Ehrlichiosis is a bacterial disease that can develop after your pet has been bitten by a tick. In today's post, our Nashua vets discuss ehrlichiosis in dogs, as well as the symptoms and treatment of this disease.
What is ehrlichiosis in dogs?
Ehrlichiosis is a disease caused by ehrlichia in dogs. This bacteria is spread through the bite of an infected brown tick. The organism which is spread by the ticks and causes the disease (Ehrlichia canis or E. canis) is considered endemic to the southeastern and southwestern states. Ehrlichia bacteria can be challenging to treat since most antibiotics are unable to reach the inside of the cell where they live.
Ehrlichiosis in Dogs Symptoms
The ehrlichia in dogs symptoms are associated with three different stages, early disease (acute phase), sub-clinical (no outward appearance of disease), and clinical or chronic (long-standing infection).
The acute stage of ehrlichiosis can last 2 to 4 weeks, during which the infection is either eliminated or your dog will progress to the sub-clinical phase. Symptoms of the acute stage include:
- Swollen lymph nodes
- Weight loss
- Respiratory distress
- Bleeding disorders (spontaneous hemorrhage or bleeding)
- Neurological disturbances (meningitis or unsteady on feet)
The sub-clinical phase is often considered the worst phase of ehrlichiosis in dogs because there may be no outward sign of the disease, meaning that it is able to progress undetected.
In some cases, the disease is detected when the vet notices prolonged bleeding from the injection site after taking a blood sample. If the organisms are not eliminated in this stage, your dog’s infection may move to the next stage - clinical ehrlichiosis.
Clinical ehrlichiosis occurs when the organism isn’t eliminated by the immune system in one of the previous stages. This stage can lead to serious symptoms, including:
- Swollen limbs
- Neurological problems
- Bleeding episodes
- Eye problems (such as blindness or hemorrhage in the eyes)
This phase becomes extremely serious if the dog's bone marrow (where blood cells are produced) fails, meaning that your dog will be unable to create any blood cells it needs to sustain life (platelets, white blood cells and red blood cells).
Diagnosing Ehrlichiosis in Dogs
Early diagnosis of this disease can be difficult as the symptoms may not be consistent.
Because the immune system usually takes 2 to 3 weeks to respond to the presence of the organism, and for antibodies to develop, it may take testing at a later date to detect antibodies and properly diagnose the infection.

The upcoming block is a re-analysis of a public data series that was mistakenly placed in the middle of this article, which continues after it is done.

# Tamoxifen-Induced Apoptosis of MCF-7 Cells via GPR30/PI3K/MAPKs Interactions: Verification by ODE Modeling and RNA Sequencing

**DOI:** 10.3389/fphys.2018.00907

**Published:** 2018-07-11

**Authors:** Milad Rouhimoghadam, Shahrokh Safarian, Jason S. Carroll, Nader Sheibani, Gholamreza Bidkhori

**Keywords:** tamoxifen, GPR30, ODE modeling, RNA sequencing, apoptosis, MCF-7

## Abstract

Your veterinarian may use a few different tests to find out which species of Ehrlichia are infecting your dog, then send the tests to our lab for analysis. Because we have an onsite lab and diagnostic testing at Animal Medical Center of New England, we’re able to get results quickly and efficiently.
The detection of antibodies, combined with certain clinical signs are your vet’s primary diagnostic criteria. More rarely, the organism will be detected in blood smears or cell samples from the spleen, lungs and lymph nodes. Baseline blood tests, including a blood cell count and chemistry, should also be completed.
If anemia (low red blood cell counts, high levels of globulin protein or a low platelet count) are spotted in the blood, this is a good indication that ehrlichiosis is the problem.
Ehrlichiosis in Dogs Treatment
Some dogs experience severe bleeding and anemia when infected with Ehrliochosis and may require a blood transfusion during treatment.
Antibiotics such as the easily accessible and typically well-tolerated doxycycline may be used for about 4 weeks. Depending on your pup’s clinical state and blood parameters, different medications such as steroids may be prescribed.
Outcome for Dogs With Ehrlichiosis
Generally, the prognosis for dogs suffering from ehrlichiosis is fairly good. Once your pet begins treatment you should see an improvement in your dog's condition within 24 to 48 hours, if the disease was caught in its acute phase or mild chronic phase.
Preventing Ehrlichia in Dogs
Like all other diseases and conditions, it is easier to prevent the issues than to treat them. Try to ensure there are no ticks in your dog’s environment by using the tick prevention product that your vet recommends for your pooch. The right tick prevention for your dog will depend upon your pup's risk of exposure to disease-causing ticks and other factors. Your vet will have more information on protecting your furry friend.
Note: The advice provided in this post is intended for informational purposes and does not constitute medical advice regarding pets. For an accurate diagnosis of your pet's condition, please make an appointment with your vet.